Guess what, everyone? The Olympics are over and they went off without a hitch, according to Russian and Olympic officials, who gave themselves a sparkly, expensive pat on the back in the form of a lavish closing ceremony. Good job us, they said, for pulling off such a flawless event that was totally wonderful and not contentious in the least. 

Despite certain well-documented #sochiproblems like toxic tap water and doorknob-less doors -- as well as less hashtag-friendly problems like officials beating Pussy Riot activists in the street and throwing environmental activists in jail for speaking out against Olympic village construction practices  -- Russia "delivered all what it had promised," according to International Olympic Committee President Thomas Bach.

And indeed, nobody will complain that Russia cut corners during yesterday's closing ceremony. There were 62 pianos!

Sad Sochi Bear even made an appearance, shedding a single, symbolic tear to symbolize his sadness that the weeks of fun are coming to a close.

This was, presumably, the very same Sochi Bear who sat slumped and alone in the rafters after Russia lost the Olympic hockey game. Poor Sochi bear, a mere shadow of the euphoric Sochi bear who danced by himself in a half-finished hotel before the games even started, barely containing his excitement ahead of the glorious event. 

The event also featured lots of fireworks and other spectacular events,

Fireworks #Sochi2014 #ClosingCeremony on Twitpic
like acrobats guiding boats through the air and being hoisted through upside-down houses, 1,000 children singing the Russian national anthem, and the traditional athlete parade.  

To be clear, Russia knows it made some mistakes. Not the mistakes we mentioned earlier, but errors nonetheless. Like remember when during the opening ceremony one of the Olympic rings didn't quite open up and we were all like, 'gaffe alert'? Well, Russia remembers that too, and they were being totally cool about it during the closing ceremony.

But other than that, no mistakes were made during the Sochi Winter Olympics. In fact, no mistakes were made by Russia at all, probably ever. According to Dmitry Chernyshenko, Sochi 2014 Organizing Committee President, "Russia delivered on its promise. This is the new face of Russia, our Russia." In fact, Chernyshenko was so pleased with how the Olympic games turned out that he quoted late IOC President Juan Antonio Samaranch, saying "for us, these are the best games ever." Russia also made out with the most gold medals of the event, a point of contention for some who suspect certain events may have been rigged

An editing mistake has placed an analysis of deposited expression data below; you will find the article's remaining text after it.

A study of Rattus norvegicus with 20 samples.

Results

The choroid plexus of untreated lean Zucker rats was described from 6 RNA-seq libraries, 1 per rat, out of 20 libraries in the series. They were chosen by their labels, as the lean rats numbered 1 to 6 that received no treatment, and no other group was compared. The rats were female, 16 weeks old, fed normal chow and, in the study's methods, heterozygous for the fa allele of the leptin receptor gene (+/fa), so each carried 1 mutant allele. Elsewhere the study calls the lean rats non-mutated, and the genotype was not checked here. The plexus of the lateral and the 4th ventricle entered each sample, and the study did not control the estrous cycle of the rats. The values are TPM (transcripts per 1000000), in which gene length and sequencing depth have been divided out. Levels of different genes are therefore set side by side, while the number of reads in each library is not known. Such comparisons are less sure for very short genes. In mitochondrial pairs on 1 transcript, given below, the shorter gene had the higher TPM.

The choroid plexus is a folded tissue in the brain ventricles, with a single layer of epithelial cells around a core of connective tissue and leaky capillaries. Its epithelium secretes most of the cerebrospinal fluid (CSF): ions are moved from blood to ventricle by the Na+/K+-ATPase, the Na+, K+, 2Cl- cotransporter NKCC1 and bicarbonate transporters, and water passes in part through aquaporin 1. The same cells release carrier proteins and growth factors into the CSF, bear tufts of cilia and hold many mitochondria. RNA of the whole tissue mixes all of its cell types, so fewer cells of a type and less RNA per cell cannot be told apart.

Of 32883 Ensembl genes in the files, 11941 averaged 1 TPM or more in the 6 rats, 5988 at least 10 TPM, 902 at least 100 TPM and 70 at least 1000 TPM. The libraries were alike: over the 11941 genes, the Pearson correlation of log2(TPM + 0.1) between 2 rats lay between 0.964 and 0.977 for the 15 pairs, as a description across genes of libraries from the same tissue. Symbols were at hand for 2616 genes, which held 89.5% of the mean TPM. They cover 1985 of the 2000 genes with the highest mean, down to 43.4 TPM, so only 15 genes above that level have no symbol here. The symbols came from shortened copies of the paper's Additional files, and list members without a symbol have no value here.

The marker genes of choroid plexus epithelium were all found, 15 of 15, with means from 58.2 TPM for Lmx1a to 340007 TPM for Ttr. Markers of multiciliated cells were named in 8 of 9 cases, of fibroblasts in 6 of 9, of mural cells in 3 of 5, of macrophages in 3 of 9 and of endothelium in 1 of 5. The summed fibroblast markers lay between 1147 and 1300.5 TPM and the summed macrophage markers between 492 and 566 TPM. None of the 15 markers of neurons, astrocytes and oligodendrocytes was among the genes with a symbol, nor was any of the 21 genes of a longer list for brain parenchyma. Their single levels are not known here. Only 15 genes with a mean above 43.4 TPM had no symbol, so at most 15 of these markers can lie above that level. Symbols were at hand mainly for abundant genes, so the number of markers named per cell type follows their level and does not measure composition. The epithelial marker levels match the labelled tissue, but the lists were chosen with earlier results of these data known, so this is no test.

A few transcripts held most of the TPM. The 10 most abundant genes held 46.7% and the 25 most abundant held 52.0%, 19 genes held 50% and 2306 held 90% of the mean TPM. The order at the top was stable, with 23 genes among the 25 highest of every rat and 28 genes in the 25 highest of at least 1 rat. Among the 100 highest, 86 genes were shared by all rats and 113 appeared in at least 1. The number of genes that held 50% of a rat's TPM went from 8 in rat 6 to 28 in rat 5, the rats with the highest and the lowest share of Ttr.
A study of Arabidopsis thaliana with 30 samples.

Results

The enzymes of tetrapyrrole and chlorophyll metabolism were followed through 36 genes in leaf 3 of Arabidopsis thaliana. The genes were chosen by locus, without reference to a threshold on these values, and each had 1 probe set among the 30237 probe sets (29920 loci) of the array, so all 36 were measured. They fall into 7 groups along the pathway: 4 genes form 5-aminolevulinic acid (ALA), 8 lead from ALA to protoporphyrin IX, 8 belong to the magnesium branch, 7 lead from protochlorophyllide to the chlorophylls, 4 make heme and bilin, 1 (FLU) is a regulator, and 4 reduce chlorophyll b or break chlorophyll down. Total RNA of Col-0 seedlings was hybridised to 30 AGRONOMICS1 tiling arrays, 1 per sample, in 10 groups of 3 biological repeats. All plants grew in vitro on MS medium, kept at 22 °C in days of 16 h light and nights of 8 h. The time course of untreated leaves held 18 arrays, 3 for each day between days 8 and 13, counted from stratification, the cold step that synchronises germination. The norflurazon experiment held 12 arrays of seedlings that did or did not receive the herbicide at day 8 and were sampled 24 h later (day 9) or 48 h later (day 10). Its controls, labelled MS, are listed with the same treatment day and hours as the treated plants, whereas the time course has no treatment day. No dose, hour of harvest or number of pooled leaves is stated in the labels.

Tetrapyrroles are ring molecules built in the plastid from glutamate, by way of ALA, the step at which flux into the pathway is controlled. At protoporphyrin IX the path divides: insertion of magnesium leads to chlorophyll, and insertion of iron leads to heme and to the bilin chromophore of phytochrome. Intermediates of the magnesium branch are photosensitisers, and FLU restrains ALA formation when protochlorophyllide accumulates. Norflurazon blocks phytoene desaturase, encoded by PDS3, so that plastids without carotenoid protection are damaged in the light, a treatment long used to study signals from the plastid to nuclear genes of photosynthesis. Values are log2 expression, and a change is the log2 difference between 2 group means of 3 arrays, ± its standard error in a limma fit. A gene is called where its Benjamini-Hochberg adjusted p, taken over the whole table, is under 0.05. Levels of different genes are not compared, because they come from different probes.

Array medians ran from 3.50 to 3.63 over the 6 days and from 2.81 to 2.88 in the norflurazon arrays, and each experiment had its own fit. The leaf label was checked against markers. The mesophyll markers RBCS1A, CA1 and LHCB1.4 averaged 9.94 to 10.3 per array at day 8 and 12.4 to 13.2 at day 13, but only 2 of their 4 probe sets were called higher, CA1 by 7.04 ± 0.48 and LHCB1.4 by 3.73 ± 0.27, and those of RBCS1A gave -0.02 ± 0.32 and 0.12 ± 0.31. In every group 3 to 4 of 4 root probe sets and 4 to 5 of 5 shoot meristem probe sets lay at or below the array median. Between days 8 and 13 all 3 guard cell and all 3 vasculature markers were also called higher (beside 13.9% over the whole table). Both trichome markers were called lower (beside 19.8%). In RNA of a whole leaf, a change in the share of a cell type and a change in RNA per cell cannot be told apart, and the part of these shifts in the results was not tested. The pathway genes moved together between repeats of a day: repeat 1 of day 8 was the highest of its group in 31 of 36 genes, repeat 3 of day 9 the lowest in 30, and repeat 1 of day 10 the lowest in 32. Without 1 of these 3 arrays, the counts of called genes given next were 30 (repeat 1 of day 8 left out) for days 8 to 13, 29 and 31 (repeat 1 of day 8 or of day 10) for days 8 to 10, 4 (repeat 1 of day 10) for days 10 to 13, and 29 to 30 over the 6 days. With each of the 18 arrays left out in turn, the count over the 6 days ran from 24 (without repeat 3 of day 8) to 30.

According to The New York Times, Russian officials are in denial about more than just Sochi imperfections. With tourists and athletes cleared out of the Olympic Village, Sochi will become a 40,000-hotel-room town without a clear plan for the future. The Times reports

Sochi is at risk of becoming a gold-rush town that just ran out of gold. A recent report by Moody’s Investors Service said that the area would need to double its flow of visitors, to at least five million a year, to keep the hotels full. That is highly unlikely. Real estate companies estimate that occupancy rates could fall to between 35 percent and 40 percent after the Games, the report said.

The Kremlin-backed Russian Times predicts a much rosier future for the resort town: 

Choosing to host the Olympics in Sochi was a ‘good choice’, and revenue will continue to flow into the city after the Games and attract more tourists and investors, says Deloitte, Heineken, and Swissotel. “Ultimately [Sochi] has proven itself the right choice,” David Owen, CEO of Deloitte CIS, told RT by email. Billions tuned into the Sochi 2014 Olympics, more than 140,000 experienced it first-hand, and now Sochi and the Krasnaya Polyana regions will continue to develop.  “The Olympic buzz will attract tourists,” Tamara Afonina, Clustered Director of Sales and Marketing at Swissotel, told RT. 

A smiling President Vladimir Putin presided over the event, accepting praise from Bach for Sochi's "amazing" transformation from an "old, Stalinist-style sanatorium city where you entered the room and you were looking at the roof so you would not be hit from something falling down," to the glorious Sochi of today. 

Now, Putin will face the less pleasant task of figuring out what to do in Ukraine, where the the Kremlin-backed president Viktor Yanukovych is on the lam and the interim government wants nothing to do with Russia, which hopes to maintain Soviet-style influence in the region. But we have a feeling that no matter what happens, Putin and his friends will declare it a success.